Sustainable Agriculture in the Midwest
Ed. Note: Champions of Change is a weekly initiative to highlight Americans who are making an impact in their communities and helping our country rise to meet the many challenges of the 21st century.
It was a privilege to be among the Champions of Change for Rural America. What an amazing group of people. I was heartened to meet my fellow champions, to hear their stories and to witness their passion.
In rural Iowa we grow a good deal of the nation’s corn and soybeans. We have the richest soil in the U.S. and yet we import more than 85% of food we eat from outside our state. Our farmers are aging; the average age of a farmer in the U.S. is about 58. Few young people have aspirations to become farmers. Our rural landscape is littered with small towns devoid of businesses, shrinking schools, and for some, a sense of hopelessness. It astounded me, this rural decay in the midst of such rich land.
I am a professor of biology at Marshalltown Community College. I am also a small organic farmer who along with my family raises fruit, vegetables and some livestock. I knew what the land could produce. I knew that our community could feed and employ itself far better if we grew their own produce. To that end I proposed that we develop the Entrepreneurial and Diversified Agriculture program at the community college. This a two year degree program preparing new farmers to grow and market diverse crops locally.
Community colleges are ideal for this kind of venture. We understand our communities; we are part of the community. At Marshalltown Community College we demonstrate crop production on the 140 acre college farm, offer internships, and help launch entrepreneurial and agricultural enterprises. We offer courses in marketing, sustainable production, and business planning. We have served our immigrant community as well by developing the “Start Your Own Diversified Farm” weekend course in both Spanish and English. We offer land on the college farm for new farmers to learn and attain a cropping history that will allow them to qualify for agricultural loans.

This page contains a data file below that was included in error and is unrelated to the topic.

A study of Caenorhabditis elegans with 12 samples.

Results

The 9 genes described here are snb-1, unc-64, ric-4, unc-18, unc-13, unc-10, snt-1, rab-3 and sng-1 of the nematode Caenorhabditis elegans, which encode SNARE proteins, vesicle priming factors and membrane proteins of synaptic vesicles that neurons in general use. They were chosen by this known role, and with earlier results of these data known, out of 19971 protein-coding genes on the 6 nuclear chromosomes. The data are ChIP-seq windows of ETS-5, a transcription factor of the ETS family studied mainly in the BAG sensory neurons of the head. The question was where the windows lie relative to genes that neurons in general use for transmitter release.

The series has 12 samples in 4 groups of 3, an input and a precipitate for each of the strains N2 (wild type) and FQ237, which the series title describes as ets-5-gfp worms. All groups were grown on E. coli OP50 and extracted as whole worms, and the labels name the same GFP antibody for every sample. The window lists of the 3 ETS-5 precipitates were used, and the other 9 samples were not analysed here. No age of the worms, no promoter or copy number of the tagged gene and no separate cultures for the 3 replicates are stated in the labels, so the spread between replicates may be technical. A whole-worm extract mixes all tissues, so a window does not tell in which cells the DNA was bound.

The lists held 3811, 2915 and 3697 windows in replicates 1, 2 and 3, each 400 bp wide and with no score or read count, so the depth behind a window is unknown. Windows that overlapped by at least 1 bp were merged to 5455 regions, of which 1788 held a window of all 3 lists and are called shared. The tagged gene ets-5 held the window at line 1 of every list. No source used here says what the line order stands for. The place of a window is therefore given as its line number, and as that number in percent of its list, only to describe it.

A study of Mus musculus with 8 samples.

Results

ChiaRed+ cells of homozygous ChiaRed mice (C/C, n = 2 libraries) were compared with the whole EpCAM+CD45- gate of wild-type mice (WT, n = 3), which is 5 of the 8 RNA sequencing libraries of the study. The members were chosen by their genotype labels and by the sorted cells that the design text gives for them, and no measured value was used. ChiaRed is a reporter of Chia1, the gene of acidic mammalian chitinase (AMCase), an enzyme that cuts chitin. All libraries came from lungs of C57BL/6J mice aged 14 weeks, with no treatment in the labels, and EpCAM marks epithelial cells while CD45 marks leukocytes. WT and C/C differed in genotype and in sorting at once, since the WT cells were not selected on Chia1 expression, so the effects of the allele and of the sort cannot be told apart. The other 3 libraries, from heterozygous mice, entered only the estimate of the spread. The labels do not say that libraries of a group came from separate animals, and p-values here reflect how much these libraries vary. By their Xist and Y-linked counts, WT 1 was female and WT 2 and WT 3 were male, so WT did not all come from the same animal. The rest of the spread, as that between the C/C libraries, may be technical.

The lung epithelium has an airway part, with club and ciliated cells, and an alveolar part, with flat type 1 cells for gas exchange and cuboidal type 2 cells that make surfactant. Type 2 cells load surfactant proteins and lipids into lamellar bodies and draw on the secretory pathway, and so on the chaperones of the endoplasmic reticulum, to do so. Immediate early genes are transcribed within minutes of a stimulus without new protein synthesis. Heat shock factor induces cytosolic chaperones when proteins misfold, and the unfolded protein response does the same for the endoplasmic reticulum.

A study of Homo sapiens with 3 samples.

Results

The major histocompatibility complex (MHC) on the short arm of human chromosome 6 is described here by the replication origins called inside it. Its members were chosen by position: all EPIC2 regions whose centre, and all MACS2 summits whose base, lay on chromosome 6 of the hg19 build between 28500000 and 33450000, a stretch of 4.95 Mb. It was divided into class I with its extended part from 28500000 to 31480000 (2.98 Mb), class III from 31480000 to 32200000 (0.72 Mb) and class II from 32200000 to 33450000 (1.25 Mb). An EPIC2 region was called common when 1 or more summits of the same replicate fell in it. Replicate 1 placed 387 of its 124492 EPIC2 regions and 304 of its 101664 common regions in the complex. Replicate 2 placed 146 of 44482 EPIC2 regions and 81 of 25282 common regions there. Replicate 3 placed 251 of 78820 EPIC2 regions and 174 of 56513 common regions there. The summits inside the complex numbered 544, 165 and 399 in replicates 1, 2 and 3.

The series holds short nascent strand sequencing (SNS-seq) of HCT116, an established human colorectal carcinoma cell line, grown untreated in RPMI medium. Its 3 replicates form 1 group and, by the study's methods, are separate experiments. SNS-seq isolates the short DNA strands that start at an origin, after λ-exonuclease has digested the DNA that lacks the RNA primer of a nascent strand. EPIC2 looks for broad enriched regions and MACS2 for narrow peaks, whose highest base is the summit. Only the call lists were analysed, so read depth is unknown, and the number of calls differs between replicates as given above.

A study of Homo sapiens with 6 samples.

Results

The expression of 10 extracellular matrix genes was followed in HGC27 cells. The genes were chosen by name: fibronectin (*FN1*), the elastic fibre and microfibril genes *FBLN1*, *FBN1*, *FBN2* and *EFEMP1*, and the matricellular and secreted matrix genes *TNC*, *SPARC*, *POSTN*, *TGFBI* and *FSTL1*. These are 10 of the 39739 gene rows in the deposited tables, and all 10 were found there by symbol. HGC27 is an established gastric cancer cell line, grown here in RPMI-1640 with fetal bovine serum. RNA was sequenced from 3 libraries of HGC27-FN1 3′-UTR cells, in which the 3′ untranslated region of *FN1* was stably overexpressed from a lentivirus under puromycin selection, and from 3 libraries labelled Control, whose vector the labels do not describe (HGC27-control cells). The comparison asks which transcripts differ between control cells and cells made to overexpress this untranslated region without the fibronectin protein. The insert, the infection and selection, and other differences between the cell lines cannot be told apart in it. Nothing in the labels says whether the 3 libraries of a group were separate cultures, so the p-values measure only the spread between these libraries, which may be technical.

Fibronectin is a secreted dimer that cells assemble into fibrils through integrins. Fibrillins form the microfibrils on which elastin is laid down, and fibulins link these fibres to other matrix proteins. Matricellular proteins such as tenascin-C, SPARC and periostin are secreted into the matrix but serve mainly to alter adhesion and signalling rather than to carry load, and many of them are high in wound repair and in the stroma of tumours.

The world of food and farming is changing and I am thrilled to be just a little part of that. I am proud to be counted among the Champions of Change.
Linda J. Barnes, Ph.D., is a professor of biology at the Marshalltown Community College in Iowa and an organic farmer. She founded the Sustainable and Entrepreneurial Agriculture Program at MCC, which is the first associate degree program in sustainable agriculture in the Midwest.